A shop in Quebec is fixing up older Nissan LEAFs and giving them around 150 miles of range. Compared to the 80 or so miles of range they came with from the factory, and the much lower ranges many have after degradation, this is a huge improvement. Swap services will be available both in their shop or using an upcoming DIY kit.

Unlike my previous post about a hypothetical LEAF with 380 miles of range, this is the real deal, and has been done to three vehicles. A shop in Quebec is fixing up older Nissan LEAFs and giving them around 150 miles of range. Compared to the 80 or so miles of range they came with from the factory, and the much lower ranges many have after degradation, this is a huge improvement. Swap services will be available both in their shop or using an upcoming DIY kit.

The donor and recipient LEAFs. Image provided by Véhicules électriques Simon André.

Mechanically, the process is fairly straightforward. The techs at Véhicules électriques Simon André find a 2018 or newer 40 kWh LEAF that has been in a serious enough accident to be totaled out by insurance, but that hasn’t sustained damage to the battery pack. Because the battery pack is mounted in the middle of the car and down low, most totaled LEAFs have a salvageable battery pack. The bolt pattern (the position of the bolt holes on the car and battery) is the same for older LEAFs and the newest ones, so mounting the newer pack is just a matter of removing it from the newer totaled LEAF and bolting it under the older one that has a degraded 24 kWh pack. No adapter plates, welding, drilling, etc. is needed to perform the swap.

There are a couple of challenges, though.

The small modification to the lid of the pack (left side). Image provided by Véhicules électriques Simon André.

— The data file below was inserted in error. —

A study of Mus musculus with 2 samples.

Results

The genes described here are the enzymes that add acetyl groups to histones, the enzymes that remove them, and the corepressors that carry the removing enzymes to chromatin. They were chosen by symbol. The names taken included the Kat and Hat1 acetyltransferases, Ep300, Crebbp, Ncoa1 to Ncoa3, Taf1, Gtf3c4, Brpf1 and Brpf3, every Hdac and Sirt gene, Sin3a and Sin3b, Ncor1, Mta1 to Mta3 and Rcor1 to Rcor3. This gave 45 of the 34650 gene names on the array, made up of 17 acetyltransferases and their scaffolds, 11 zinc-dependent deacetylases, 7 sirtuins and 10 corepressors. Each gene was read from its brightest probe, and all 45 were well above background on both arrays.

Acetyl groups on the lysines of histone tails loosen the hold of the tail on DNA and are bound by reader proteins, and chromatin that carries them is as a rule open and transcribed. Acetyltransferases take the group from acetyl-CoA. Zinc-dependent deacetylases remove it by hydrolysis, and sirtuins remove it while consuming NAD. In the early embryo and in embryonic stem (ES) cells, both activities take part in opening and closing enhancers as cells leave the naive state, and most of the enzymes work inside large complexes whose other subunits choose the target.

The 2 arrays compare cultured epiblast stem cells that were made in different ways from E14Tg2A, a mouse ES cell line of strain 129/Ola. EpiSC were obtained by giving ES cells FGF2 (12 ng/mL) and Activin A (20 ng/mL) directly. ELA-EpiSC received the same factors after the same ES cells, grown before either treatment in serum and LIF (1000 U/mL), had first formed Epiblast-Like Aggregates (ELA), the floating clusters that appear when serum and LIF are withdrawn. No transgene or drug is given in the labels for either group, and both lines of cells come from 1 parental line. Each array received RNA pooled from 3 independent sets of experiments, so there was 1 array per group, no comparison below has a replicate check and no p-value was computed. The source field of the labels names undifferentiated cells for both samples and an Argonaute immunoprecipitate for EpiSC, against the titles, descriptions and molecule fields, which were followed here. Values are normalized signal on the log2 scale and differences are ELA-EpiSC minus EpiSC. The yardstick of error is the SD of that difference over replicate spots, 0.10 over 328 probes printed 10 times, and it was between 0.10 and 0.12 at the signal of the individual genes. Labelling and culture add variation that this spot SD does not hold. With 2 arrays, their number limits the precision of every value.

One big problem is software. While both the old pack and the new pack speak the same language (CAN bus messages), the car’s computers are expecting the kind of messages they’d get from the 24 kWh pack, and the newer pack’s data wouldn’t look right. If not addressed, the car will still run, but will show errors and probably only allow “turtle mode,” a limp-mode that only allows a small amount of power. To address this, they use an aftermarket “gateway module” that translates the CAN messages to and from the pack to give each part what it’s expecting to see. Not only does this allow the car to run properly, but it also allows the car’s gauges to show the correct information. It will give a reasonably accurate “guess-o-meter,” battery percentage, battery health, temperature, etc.

Perhaps most importantly, the car does charge properly using both the J1772 and CHAdeMO ports. Level 1 charging works as expected, but level 2 charging will still be at the speeds the car came with (3.3 or 6.6 kW). Level 3 CHAdeMO works as it should for rapid charging.

For those living in or willing to travel to Quebec, they’re doing upgrades now in their shop. For the rest of us, they’re developing a kit you can use to do the swap yourself or at the facility of your choice. The kit is expected to be around $1000 (not including the salvaged 40 kWh pack), and will be programmed for the year of car and pack you specify. They also told us that they plan to offer a kit to swap 62 kWh packs from the LEAF Plus to other years, but that will come later.

The donor vehicle. Image provided by Véhicules électriques Simon André.

Featured image of gauge cluster provided by Véhicules électriques Simon André.

 

Jennifer Sensiba is a long time efficient vehicle enthusiast, writer, and photographer. She grew up around a transmission shop, and has been experimenting with vehicle efficiency since she was 16 and drove a Pontiac Fiero. She likes to get off the beaten path in her "Bolt EAV" and any other EVs she can get behind the wheel or handlebars of with her wife and kids. You can find her on Twitter here, Facebook here, and YouTube here.